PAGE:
Breast Cancer and Disability Benefits

Breast Cancer and Disability Benefits

Posted by Derek Cervoni on May 1, 2024 8:04:03 PM

Breast cancer is a life-altering diagnosis, impacting patients not only physically and emotionally but also financially. Many individuals find themselves unable to work due to the time involved and the side effects of treatment such as surgery, chemotherapy, and radiation. This is where disability income becomes crucial. It offers a financial lifeline that helps patients focus on recovery without the overwhelming stress of financial insecurity.

We will focus mainly on government-funded disability programs for this discussion. Private disability programs typically have less stringent rules.

What Is Disability Income?

Disability income is designed to provide financial assistance for people who cannot work due to a medical disability. It comes in many forms, including private insurance, employer-provided benefits, and government-funded programs, such as Social Security Disability Insurance and Supplemental Security Income (SSDI and SSI).

The income these programs provide varies based on many factors, such as pre-diagnosis income, the amount of private insurance purchased, and the amount provided by employer benefits.

What Is Considered a Disability?

The Social Security Administration oversees SSDI and SSI and determines what is considered a disability. Their working definition can be summarized as a person’s inability to hold gainful employment due to a medical condition that will result in death or at least last longer than one year.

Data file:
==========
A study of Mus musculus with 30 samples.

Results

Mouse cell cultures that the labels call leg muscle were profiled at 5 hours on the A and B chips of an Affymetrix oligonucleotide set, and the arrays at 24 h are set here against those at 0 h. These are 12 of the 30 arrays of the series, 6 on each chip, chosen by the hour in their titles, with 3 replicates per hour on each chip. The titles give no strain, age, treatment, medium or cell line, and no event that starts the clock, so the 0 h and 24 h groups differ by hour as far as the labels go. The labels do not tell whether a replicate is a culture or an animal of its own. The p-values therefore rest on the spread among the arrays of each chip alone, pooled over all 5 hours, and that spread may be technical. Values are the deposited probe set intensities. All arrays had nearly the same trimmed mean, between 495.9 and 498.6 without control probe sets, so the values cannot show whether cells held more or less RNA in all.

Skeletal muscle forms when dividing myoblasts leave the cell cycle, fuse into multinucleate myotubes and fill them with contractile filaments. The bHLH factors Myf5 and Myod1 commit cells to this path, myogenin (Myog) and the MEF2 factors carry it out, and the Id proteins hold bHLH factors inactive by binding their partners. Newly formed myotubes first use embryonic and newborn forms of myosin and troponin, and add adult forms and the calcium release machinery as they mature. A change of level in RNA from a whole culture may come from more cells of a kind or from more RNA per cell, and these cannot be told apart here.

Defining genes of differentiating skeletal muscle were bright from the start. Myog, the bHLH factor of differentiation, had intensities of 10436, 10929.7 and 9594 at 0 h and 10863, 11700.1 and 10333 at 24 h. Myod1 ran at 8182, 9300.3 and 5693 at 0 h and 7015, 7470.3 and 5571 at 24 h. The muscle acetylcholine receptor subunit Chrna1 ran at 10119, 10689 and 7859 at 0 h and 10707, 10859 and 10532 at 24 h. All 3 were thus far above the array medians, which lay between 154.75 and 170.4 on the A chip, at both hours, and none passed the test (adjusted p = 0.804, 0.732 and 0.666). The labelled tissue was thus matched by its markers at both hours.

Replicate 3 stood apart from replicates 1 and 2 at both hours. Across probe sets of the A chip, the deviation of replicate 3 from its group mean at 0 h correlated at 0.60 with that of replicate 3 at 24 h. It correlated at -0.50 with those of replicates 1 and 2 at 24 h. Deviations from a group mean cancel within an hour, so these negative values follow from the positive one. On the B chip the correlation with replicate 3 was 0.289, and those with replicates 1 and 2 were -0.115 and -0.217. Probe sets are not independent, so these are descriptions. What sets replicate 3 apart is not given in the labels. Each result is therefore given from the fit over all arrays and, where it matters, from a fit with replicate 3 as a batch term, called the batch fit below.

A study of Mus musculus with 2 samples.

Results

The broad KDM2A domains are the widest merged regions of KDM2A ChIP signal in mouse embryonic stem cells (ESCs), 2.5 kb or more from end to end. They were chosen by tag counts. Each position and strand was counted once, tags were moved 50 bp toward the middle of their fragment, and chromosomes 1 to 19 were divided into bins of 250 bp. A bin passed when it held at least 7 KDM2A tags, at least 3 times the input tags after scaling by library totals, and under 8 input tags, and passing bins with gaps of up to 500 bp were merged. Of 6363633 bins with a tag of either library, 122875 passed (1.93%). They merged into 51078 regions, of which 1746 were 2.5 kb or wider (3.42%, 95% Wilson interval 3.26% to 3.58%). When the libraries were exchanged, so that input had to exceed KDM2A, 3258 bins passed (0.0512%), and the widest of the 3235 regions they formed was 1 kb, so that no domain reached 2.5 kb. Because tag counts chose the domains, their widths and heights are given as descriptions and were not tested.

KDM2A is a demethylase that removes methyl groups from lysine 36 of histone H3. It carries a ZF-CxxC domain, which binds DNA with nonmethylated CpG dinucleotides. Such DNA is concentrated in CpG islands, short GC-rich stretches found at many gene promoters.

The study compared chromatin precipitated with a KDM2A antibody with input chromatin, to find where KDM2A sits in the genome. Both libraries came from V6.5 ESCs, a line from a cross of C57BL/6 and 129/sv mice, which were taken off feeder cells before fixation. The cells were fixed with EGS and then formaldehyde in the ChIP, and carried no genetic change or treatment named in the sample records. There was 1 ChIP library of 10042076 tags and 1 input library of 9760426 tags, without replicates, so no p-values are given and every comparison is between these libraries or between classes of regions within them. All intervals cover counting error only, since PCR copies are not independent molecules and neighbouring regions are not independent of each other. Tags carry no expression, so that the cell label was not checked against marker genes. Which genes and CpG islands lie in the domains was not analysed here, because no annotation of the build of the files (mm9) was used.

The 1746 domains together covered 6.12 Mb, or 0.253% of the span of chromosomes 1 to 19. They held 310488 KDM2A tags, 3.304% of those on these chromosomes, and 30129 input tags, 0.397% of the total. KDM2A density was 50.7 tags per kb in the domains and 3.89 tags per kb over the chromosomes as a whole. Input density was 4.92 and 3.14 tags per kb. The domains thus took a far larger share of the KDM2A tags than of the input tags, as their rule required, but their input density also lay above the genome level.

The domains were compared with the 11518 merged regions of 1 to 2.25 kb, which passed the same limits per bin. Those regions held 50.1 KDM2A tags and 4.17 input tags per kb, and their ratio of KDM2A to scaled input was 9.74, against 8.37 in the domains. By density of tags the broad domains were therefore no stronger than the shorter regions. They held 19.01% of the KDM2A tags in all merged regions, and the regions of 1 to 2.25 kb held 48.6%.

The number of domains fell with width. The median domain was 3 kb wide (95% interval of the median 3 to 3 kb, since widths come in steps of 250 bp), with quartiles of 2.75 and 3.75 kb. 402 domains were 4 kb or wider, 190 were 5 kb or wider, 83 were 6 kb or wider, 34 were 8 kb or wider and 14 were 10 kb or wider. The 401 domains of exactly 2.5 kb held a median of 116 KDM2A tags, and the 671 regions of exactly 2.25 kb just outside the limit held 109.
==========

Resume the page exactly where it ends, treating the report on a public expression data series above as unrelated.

Is Breast Cancer a Disability?

When looking at breast cancer and whether or not it qualifies as a disability in the SSA’s eyes, many things are taken into consideration, from the stage of breast cancer to the treatments involved. Breast cancer is considered a disability in most cases; the criteria include such things as:

  • Stage of breast cancer
  • Treatment and side effects of the treatment
  • Repeat cancer
  • Spreading of the cancer

Other criteria make breast cancer a disability in the eyes of the SSA. A specialist will work with you to determine your case. Stage 3B and beyond are normally automatically given a disability rating. Other stages and types will need to be evaluated. Since most breast cancer patients recover within a year, proving the duration and extent of disability can be complex.

Applying for SSDI and SSI

Applying for SSDI requires thorough documentation, including detailed medical records, a history of employment, and proof of one's inability to work. You can start the process online, by phone, or in person at a local Social Security office. You should prepare by gathering all necessary documents, such as medical tests, treatment records, and a detailed statement from your doctor concerning your prognosis, ability to work, and side effects of treatments.

Getting a decision from the SSA can take many months or even a year. Don’t let this deter you; keep asking for updates on your application. Keep detailed records of all doctor visits and all correspondence with the SSA.

Appealing the Decision

It is not unusual to be denied benefits the first time you apply. If this occurs, you can appeal the decision with the help of an attorney or on your own. If an SSDI application is denied, there is an appeals process. This process has several stages, including reconsideration, a hearing by an administrative law judge, a review by the Appeals Council, and, potentially, a federal court review. Each step can be time-consuming, so having legal assistance or an advocate familiar with SSDI benefits can be beneficial.


According to the CDC, there are approximately 240,000 women and 2,100 men are diagnosed with breast cancer each year. That is nearly a quarter-million people who may lose their ability to work. Understanding the disability income options available and knowing when to seek help can go a long way in alleviating some of the stress and allow you to focus on healing.